There are times in your life when you need to accept things as they are and not as you would like them to be. This is one of those times.
I have finally accepted that my old boots are done. Dead. Gave up the ghost. Broken. Blown-out.
However, buying a new pair isn’t as easy as it sounds. Sure, I could just go get the same ones I had before, but I’m not the same person I was when I bought this pair in 2004. It’s pretty amazing that they lasted as long as they did. I wore them ‘year round riding my motorcycles in Chicago. Frozen, wet, snowy winters and broiling hot humid summers. I wore them in oven dry Phoenix for four years, but the leather cracked long before that. The first couple of years I took meticulous care of them – cleaned and polished the leather uppers each week. But after a while, the weather just beat them down, I got busy, and the boots started showing signs of wear.
A number of years ago, I should have retired these boots, but I’m stubborn. The soles were still pretty decent, so how could I discard a perfectly good (if holey) pair of boots?
Well, that time has come. I wear my soles out in the heel more than the toe and my gait is finally mal-adjusted to the wear.
When I started my new-boot-search, I was convinced I would get some side-zip Corcoran boots, like I had when I was in my teens.
But I decided I wanted something with better tread for hiking and walking. I like a good Vibram sole, so I started looking at other boots like Logger boots
but those weren’t quite right either. I was having a hard time pinning down what exactly I want from this new boot. I want it to be tough both in quality and appearance, but also feminine and not too clunky so I can maybe wear them to work, but also be a good beat-around boot for working in my garage.
This all got me to thinking about why I started wearing boots in the first place. I got my first pair of combat boots, used, from a back-woods military surplus store in a small town about 30 miles from my house. I was 15 years old, and full of hot temper and righteous indignation. I needed to be able to kick things. Punk rock and combat boots filled that need for me. As a girl, wearing the boots was also somewhat political (in that ‘the personal is political’). I was a tomboy punk rocker and made no bones about it.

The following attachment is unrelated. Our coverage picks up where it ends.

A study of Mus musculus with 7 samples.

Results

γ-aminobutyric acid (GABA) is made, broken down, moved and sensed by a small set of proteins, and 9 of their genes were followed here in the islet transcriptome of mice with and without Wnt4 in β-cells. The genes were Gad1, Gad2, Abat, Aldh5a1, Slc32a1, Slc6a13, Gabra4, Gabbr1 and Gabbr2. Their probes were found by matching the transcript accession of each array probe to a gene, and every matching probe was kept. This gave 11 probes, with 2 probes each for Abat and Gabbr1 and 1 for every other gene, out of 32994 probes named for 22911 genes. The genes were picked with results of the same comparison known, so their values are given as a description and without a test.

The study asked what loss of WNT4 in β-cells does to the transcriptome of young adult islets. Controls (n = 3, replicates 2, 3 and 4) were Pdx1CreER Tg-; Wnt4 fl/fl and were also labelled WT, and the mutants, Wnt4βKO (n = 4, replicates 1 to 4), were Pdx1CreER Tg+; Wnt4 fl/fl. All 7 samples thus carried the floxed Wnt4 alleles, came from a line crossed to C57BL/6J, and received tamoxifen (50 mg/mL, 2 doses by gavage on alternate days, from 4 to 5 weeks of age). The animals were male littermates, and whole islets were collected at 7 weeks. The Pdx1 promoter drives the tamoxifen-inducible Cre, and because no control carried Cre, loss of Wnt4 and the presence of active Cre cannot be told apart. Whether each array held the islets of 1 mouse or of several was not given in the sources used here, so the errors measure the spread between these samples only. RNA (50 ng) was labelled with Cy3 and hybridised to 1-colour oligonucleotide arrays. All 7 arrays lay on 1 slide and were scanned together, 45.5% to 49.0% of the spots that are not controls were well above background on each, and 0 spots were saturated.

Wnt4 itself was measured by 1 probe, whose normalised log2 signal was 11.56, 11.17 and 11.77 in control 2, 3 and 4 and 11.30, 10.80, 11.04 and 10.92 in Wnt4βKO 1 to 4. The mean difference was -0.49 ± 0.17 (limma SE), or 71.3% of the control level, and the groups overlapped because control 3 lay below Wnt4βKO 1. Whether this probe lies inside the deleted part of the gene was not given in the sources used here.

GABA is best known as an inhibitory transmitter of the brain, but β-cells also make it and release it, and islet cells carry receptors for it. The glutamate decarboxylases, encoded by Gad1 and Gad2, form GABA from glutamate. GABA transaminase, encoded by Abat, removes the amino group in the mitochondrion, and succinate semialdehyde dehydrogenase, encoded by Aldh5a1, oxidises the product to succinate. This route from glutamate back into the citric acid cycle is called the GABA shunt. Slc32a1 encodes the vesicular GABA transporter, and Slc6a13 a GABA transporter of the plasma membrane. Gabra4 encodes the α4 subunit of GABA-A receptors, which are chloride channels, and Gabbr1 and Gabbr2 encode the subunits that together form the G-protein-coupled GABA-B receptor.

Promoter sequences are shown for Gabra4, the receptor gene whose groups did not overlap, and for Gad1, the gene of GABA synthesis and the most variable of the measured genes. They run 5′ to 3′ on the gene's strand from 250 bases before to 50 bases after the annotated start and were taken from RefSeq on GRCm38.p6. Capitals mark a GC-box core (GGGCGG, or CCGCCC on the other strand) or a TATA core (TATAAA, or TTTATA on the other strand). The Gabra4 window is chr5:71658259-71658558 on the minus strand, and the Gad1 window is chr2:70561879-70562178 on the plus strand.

As the years went by, my relationship to my boots changed, but the style didn’t. I lost my anger, but still liked the boots for their wearable function, protection, and tomboyness, plus the anti-authoritarianism and push-back at the status-quo that they still represented to me.
The last time I bought boots was in 2004. That was twelve years ago. A lot can change in twelve years. I’m still essentially the same person I was back then – my values and beliefs haven’t changed considerably, if anything, they are more refined – but my relationship to the larger world around me, and my own vantage point has shifted. I am no longer angry, I have less need to push-back against the status-quo but still want something that will protect me on my motorcycles, is comfortable enough to walk for hours in, still has an edge of my childhood punkness, but also provides a feminine aspect that wasn’t a requirement before.
There is also an aspect of “how do I want to be perceived?” It’s funny to me that most people I know were self-conscious in their teens, and as they’ve grown older, they’ve gotten less so. I was the opposite. I was pretty un-self-conscious in my teens and twenties, but as I’ve gotten older and have a professional career, I have been trying to find that balance between who I feel I am and how I wish to be perceived. Which then brings me back around to: who do I feel I currently am? I’m definitely not the same punk rock girl from 1987. I’m not even the same person who bought those boots in 2004.
I’ve often been accused of over-thinking things. I suppose this is a good example. It’s just foot-wear, right? But what we wear, how we style our hair, even our posture, are all things that are taken in and perceived by the world around us. It is also a self-conscious conversation with ourselves. Why do we dress up to go out on the town? It’s not just to receive admiring looks from strangers, it’s also to pump oneself up and feel good. “Daaaamn, I look good tonight!” That’s your self-esteem talking to you. We have different ways of experiencing that. In my younger years, if I felt tough, I felt good. Some people like to feel sexy, some to feel strong. And we wear clothes that reflect how we feel. If you are like me and tend to be a t-shirt and jeans person, that is a reflection too. I could choose to wear orange tennis shoes because they are comfortable too, but instead I pull on my boots. It’s all a choice.
Which brings me back to: What boots should I buy?